NEWLY released reports from the Health and Safety Executive (HSE) have revealed safety concerns at the Fife Ethylene Plant at Mossmorran and its neighbouring Braefoot Bay terminal, say an MSP.

Local Green MSP, Mark Ruskell, has said this raises serious questions about how long the plant can continue to operate.

The documents, released under a Freedom of Information request made by Mr Ruskell, reveal ongoing concerns about the safety management system at the plant, and a series of incidents over the last three years including.

These include a gas leak from a compressor which was allowed to continue for several years. Damage to fire proof coatings which were deemed ‘not safety critical’ and not repaired.

Ongoing water leaks at Braefoot Bay which could be causing the pier to corrode; and failed seals on two gas tanks, with the operators deciding to run on back-up seals and push back repairs for another two years.

The reports also reveal that the plant often relies on manual intervention by staff to deal with a major hazard incident, rather than having automatic trips or shut downs in place, and that the Health and Safety Executive have major concerns about staffing levels, which have been reduced in recent years.

The Mossmorran complex and the neighbouring terminal, are jointly operated by Shell and Exxonmobil, and have been in operation since 1985.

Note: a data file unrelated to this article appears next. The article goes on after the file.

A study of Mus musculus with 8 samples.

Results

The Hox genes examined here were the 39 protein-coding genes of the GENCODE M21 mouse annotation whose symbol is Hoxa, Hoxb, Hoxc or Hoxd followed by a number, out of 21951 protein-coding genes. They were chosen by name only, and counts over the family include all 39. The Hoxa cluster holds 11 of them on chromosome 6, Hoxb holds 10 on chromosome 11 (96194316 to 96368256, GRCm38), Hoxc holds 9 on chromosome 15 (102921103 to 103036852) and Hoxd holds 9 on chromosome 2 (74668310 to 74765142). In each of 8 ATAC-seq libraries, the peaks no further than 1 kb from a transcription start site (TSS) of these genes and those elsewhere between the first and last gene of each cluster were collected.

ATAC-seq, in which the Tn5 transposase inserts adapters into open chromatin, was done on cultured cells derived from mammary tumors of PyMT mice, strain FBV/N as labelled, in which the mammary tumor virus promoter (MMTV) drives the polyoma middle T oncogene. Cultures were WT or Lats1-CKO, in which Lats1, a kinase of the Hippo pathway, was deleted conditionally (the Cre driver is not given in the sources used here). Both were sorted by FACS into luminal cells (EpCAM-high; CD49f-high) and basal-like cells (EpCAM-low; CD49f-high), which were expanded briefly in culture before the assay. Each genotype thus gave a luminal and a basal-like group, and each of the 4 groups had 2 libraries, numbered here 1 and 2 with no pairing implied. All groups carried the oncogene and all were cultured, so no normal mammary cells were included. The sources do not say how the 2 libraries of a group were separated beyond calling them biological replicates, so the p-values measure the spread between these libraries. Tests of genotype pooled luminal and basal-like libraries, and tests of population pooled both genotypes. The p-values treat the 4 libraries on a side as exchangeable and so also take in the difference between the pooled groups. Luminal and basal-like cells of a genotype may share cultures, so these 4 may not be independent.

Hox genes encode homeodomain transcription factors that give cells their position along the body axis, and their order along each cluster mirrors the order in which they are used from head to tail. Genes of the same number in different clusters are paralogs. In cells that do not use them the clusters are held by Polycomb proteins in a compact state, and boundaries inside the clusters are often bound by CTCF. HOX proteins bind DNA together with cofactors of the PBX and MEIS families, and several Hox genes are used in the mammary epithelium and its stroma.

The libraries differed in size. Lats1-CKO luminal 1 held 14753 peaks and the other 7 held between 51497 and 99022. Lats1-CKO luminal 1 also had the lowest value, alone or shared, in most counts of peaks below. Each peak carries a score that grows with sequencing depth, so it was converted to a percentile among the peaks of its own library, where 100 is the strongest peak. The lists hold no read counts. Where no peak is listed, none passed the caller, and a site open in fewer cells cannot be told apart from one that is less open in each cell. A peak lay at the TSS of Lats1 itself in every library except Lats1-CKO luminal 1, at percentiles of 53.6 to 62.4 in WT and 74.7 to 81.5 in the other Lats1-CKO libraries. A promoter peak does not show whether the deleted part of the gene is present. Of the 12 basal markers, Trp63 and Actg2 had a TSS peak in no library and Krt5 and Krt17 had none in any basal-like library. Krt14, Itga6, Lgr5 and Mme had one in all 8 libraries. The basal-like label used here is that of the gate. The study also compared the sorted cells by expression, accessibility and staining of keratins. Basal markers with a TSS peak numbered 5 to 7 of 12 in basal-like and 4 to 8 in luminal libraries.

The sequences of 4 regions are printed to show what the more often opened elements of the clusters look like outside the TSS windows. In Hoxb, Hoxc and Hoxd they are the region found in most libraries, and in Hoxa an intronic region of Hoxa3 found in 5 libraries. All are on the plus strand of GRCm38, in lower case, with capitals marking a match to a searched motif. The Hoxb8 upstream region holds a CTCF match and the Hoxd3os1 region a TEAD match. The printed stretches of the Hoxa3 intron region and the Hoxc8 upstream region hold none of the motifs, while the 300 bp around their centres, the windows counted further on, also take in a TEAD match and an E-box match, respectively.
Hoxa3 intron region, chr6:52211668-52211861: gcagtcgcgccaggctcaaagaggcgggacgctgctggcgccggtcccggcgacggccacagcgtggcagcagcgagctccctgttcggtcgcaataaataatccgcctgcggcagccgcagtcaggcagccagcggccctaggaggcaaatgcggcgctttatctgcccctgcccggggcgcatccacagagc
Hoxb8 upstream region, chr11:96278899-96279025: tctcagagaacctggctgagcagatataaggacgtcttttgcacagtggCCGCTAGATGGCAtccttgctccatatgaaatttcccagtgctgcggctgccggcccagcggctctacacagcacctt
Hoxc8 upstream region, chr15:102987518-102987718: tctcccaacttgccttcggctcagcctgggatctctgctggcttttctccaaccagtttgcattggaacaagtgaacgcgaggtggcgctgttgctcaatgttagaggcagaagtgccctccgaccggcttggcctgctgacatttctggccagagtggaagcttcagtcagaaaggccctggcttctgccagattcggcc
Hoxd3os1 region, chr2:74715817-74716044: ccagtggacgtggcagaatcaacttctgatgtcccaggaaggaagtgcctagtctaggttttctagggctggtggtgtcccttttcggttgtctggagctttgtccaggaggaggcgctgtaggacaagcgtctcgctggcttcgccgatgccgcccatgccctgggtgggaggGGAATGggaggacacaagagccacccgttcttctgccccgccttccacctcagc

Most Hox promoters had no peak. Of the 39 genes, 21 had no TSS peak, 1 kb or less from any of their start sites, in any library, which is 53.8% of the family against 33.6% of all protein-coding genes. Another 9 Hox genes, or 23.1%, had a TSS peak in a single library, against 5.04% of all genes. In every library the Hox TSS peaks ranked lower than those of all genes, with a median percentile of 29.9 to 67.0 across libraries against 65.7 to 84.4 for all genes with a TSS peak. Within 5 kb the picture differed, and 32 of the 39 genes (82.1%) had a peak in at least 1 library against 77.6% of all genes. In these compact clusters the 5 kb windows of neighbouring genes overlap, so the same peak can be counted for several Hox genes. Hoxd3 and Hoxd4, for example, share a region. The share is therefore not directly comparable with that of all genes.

An increase in flaring incidents in recent years has raised concerns in the local community that the ageing plant is not being maintained properly.

Mr Ruskell has closed followed the issue: "These reports reveal a corporate culture where health and safety compliance sits at a bare minimum and where actions demanded by the regulator are allowed to drift from year to year. It’s clear that the operators have, like the plant itself, failed to move with the times with an under-investment in corroding infrastructure, safety systems and specialist staff.

"Mossmorran and Braefoot are major employers in Fife, the operators have a responsibility to stop the corner cutting and get the plants operating at a higher standard.

"I expect the joint investigation launched by SEPA and HSE last month to thoroughly consider these ongoing concerns, alongside community issues like flaring.”

Exxon/Mobil have said before that they work closely with the authorities to ensure that safety issues are dealt with properly.

The company said in a statement: “Like all industrial sites, the Fife Ethylene Plant (FEP) is regulated closely by the HSE to ensure the safe working of the plant. The HSE also visits and completes regular inspections of FEP to assess all safety measures and identify any areas for improvement. As recently as February this year, the HSE confirmed that there are no serious deficiencies in the necessary preventative measures at FEP under the COMAH (Control of Major Accident Hazards) regulations, and there are currently no actions overdue.

“In order for a plant like FEP to work by the stringent COMAH precautionary standards, it is vital to assess where the highest potential hazards are on site in order to mitigate against major risks.

“The nature of the documents released under a Freedom of Information request relate to regular dialogue between the HSE and FEP as part of the ongoing inspection and review process. The depth and technical detail of the review process and dialogue between the HSE and FEP is recorded rigorously, and we welcome this.

“FEP is committed to the highest standards of health and safety and our operations include regular internal inspections to ensure we maintain our excellent record – this is reflected in the fact that in the past 22 years there have been no serious injuries at all on site.”